Your personal values can be the basis from which you prioritize and make decisions in your everyday working life. By using your values as this foundation, whether for small or large decisions, you will ensure that you work from a place that honors the things that are truly important to you.
This is the way to take your leadership to the next level. Little by little you will experience how much extra energy this releases. Moving in this direction will result in more ease, simplicity and better performance.
Over the last month you have had the chance to take notes on what energizes you (Step 1) or what makes you feel good.
I want you to look through your notes and find the common denominators. These are your personal values. Sometimes this is fast and easy; they might even have surfaced slowly as you were taking notes. If you need help on finding the common denominators you can look for inspiration in the attached list (link).
This is not an absolute science though. Sometimes you may need to do a little experimenting before you feel that you have found your unique personal values. Remember that these must resonate with you and only you. You cannot seek approval or input from others; they must be based on what is truly important to you.
List your personal values on your smart phone. Ideally you will have five personal values, but if you initially have a few more that is absolutely fine.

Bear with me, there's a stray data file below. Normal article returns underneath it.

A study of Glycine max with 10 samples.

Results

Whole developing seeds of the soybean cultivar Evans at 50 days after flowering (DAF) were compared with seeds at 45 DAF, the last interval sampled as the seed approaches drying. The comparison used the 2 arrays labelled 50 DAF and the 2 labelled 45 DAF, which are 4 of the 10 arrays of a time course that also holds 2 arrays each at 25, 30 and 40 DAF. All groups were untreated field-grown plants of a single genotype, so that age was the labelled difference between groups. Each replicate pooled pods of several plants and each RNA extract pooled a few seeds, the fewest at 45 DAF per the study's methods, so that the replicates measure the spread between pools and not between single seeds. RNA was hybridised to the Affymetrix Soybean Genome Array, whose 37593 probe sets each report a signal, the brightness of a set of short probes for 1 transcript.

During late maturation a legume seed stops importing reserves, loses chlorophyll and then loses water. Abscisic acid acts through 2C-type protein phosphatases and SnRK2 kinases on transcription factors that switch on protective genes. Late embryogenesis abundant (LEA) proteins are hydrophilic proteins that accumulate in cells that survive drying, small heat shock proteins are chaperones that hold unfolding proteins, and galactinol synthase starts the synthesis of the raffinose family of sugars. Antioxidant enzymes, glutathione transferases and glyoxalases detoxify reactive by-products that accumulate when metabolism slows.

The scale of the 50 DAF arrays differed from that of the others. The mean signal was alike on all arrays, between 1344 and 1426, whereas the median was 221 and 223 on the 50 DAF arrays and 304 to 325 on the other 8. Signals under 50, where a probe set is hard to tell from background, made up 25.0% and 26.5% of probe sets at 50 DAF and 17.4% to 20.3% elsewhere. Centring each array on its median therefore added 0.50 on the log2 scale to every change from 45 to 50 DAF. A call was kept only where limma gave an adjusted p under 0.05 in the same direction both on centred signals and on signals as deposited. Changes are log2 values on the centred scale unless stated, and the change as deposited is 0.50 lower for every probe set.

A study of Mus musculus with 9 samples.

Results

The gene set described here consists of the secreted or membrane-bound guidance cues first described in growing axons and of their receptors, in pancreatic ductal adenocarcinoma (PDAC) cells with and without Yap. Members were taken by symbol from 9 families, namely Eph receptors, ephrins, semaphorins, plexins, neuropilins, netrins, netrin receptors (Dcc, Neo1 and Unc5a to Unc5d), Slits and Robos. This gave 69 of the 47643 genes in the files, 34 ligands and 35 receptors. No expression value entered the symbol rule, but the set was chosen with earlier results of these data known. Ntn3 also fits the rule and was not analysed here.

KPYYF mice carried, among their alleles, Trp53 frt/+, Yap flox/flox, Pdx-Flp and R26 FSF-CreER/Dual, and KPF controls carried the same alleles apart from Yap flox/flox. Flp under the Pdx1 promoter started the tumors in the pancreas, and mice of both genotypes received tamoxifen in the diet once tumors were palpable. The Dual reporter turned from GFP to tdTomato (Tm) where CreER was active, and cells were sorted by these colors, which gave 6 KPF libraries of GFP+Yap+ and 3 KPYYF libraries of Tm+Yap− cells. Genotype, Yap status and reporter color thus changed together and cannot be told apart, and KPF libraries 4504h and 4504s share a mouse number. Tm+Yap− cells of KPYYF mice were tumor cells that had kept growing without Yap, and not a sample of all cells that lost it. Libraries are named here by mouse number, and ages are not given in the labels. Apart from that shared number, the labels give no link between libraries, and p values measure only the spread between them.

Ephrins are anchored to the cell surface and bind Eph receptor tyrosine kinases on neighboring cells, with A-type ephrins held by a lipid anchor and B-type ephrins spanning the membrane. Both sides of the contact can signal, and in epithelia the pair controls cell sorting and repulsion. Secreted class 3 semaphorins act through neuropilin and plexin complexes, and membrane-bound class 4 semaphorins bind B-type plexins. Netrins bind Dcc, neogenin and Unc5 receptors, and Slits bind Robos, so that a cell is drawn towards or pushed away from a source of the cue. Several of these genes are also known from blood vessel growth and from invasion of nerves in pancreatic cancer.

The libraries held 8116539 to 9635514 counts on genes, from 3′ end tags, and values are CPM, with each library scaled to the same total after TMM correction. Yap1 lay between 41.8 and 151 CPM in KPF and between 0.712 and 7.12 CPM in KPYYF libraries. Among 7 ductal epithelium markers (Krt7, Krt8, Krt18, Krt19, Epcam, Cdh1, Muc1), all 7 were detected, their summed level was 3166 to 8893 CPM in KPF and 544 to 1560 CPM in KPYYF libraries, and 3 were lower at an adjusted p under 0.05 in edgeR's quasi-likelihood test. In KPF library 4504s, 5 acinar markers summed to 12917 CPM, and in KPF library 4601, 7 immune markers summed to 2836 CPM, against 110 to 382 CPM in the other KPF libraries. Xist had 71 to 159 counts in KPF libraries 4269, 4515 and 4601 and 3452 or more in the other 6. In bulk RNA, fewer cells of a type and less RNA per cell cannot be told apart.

The next step for you is to refine these personal values and activate them in your daily work. This is done by observing and taking notes of which situations, relationships and/or activities display these values. In your notes you will end up with examples of each value.
Also, I will encourage you to start activating your personal values as a grid for your prioritization and decision making. When prioritization or decision making gets hard, your personal values are the best help you can get: Are your values honored? If you need to make a compromise on one or two, is that still meaningful?
This approach will create a work life that is meaningful, simpler and more successful. It might not initially be approved of or popular, but if you are going to move your leadership to the next level and be loyal to the things that are truly important to you, you cannot make everyone happy all the time. However, in my experience the majority of resistance that we expect from taking this turn is only in our mind.
In short, here is what to do for this month’s inquiry:
1. Find common denominators in your notes (list for inspiration) and pick 5-10 personal values.
2. Next month look for examples of your values in daily situations and TAKE NOTES.
3. Start using your personal values as a grid for decision making and prioritization.
Until next month good luck with being more conscious about your personal values and putting them to work.